President Biden, pictured Nov. 26. CNN Photo.
Originally Published: 06 DEC 23 11:49 ET
Updated: 06 DEC 23 15:54 ET

Washington (CNN) — President Joe Biden on Wednesday announced his support for a new team – and flag – competing in the 2028 Olympics in Los Angeles.

Delivering remarks at the White House Tribal Nations Summit in Washington, Biden said his administration would back a request from the Haudenosaunee Confederacy, previously known as the Iroquois Confederacy, to compete internationally under their own flag in lacrosse at the 2028 games.

“Their ancestors invented the game, they perfected it for millennia, their circumstances are unique, and they should be granted an exception to field their own team at the Olympics,” the president said. The Haudenosaunee Confederacy spans parts of the Northeastern United States and Canada.

The decision began to come together this July, when Haudenosaunee leaders met with White House officials from the National Security Council, Domestic Policy Council and Office of Intergovernmental Affairs. The International Olympic Committee will have to approve the move. CNN has reached out to the IOC for comment.

Biden also outlined steps his administration had taken to strengthen tribal sovereignty before signing a new executive order aimed at streamlining Tribal access to federal funding.

In a speech delivered from the Department of Interior, Biden touted “record investments to tribal nations,” but still acknowledged there is “more to do” to ensure “a new and better chapter in American history for Indian nations.”

“Today, there’s still too many hoops to jump through, too many strings attached and too many inefficiencies in the process,” Biden said.

According to a fact sheet shared with CNN ahead of Wednesday’s summit, the executive order – the third signed by Biden aimed at strengthening bonds with Tribal nations – will direct all federal agencies to move funding programs to more closely fall in line with to the Indian Self-Determination and Educational Assistance Act, “which has allowed Tribal Nations to build and run their own hospitals, schools, and police forces to better meet the needs of their communities using the same federal dollars.”

The executive order also establishes a new “one stop shop” for Tribes and Native businesses to seek federal funding called the “Tribal Access to Capital Clearinghouse” while directing the White House Council on Native American Affairs, the Office and Management and Budget, and the White House Domestic Policy Council to reassess what it says are “unmet federal obligations” to Tribal Nations.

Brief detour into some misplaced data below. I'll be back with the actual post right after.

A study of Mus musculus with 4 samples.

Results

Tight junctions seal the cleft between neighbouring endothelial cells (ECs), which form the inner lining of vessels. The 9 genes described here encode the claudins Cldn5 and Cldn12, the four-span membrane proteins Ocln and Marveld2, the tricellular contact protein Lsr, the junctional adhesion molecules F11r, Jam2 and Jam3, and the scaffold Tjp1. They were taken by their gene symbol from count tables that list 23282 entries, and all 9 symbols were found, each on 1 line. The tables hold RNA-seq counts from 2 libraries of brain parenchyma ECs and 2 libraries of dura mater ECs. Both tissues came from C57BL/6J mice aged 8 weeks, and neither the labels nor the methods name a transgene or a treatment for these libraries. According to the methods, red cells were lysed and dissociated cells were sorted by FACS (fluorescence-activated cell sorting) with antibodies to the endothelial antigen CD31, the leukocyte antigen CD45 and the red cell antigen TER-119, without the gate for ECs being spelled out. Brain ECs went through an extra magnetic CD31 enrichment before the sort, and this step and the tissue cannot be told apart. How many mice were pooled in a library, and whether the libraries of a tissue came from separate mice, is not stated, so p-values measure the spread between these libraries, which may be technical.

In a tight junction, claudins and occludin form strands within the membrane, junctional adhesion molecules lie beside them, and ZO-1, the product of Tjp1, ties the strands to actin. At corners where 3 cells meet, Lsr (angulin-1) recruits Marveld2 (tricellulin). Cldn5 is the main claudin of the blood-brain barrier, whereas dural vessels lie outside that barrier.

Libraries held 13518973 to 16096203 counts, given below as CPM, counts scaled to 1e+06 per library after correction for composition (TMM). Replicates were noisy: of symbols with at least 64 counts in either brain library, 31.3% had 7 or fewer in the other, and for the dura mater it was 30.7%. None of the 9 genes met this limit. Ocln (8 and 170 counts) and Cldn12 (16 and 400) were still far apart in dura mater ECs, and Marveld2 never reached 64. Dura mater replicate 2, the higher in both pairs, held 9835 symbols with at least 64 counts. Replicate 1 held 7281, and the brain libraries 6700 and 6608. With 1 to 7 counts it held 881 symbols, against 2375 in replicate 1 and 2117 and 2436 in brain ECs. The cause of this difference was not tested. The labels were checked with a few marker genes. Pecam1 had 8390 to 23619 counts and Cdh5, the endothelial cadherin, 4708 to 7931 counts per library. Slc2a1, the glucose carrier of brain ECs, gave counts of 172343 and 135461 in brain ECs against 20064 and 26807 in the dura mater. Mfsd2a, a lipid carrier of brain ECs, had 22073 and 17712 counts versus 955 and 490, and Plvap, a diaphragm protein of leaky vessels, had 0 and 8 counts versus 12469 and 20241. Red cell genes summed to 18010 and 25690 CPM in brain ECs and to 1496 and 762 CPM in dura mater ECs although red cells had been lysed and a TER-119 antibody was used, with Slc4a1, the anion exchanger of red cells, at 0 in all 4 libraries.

During his speech, Biden alluded to the historic atrocities committed by European settlers, and, later, Americans against indigenous people. The president acknowledged it’s “hard work to heal the wrongs of the past,” but he added that “the actions we’re taking today are key steps into that new era of tribal sovereignty and self-determination.”

“A new era grounded in dignity and respect that recognizes your fundamental rights to govern and grow on your own terms,” he added, “that’s what this summit is about.”

In addition to Wednesday’s order, the Biden administration is expected to announce a slew of new actions aimed at strengthening ties with tribal nations, including a series of steps the administration will take to ensure the preservation of Native American history and resources.

As part of those efforts, the administration is expected to announce more than 190 co-stewardship agreements across the federal government, “which allow Tribal Nations to collaborate with the Federal Government to manage the federal lands, waters, and resources that are most important to them,” according to a fact sheet shared with CNN Tuesday.

Interior Secretary Deb Haaland – the first Native American to serve as a United States cabinet secretary – will also announce a new “Theme Study” led by the National Parks Service, “to broaden how we interpret and understand the Indian Reorganization period,” from 1934 to 1950, the secretary told reporters.

“If there’s one thing I hope tribal leaders walk away from this year’s summit with, it’s this – the progress we’ve made together is substantial, it’s history-making, and it’s thanks to President Biden working diligently with tribes across the country that we are finally building the future our people deserve,” Haaland said Tuesday.

Biden, Vice President Kamala Harris, Haaland and 10 cabinet members are expected to announce additional actions during the summit this week, including steps aimed at improving childcare assistance for tribal communities, expanding FEMA’s ability to assist tribal communities in the wake of natural disasters and disseminating a guide for best practices in the management, treatment and protection of Native American sacred sites.

This story has been updated with additional developments on Wednesday.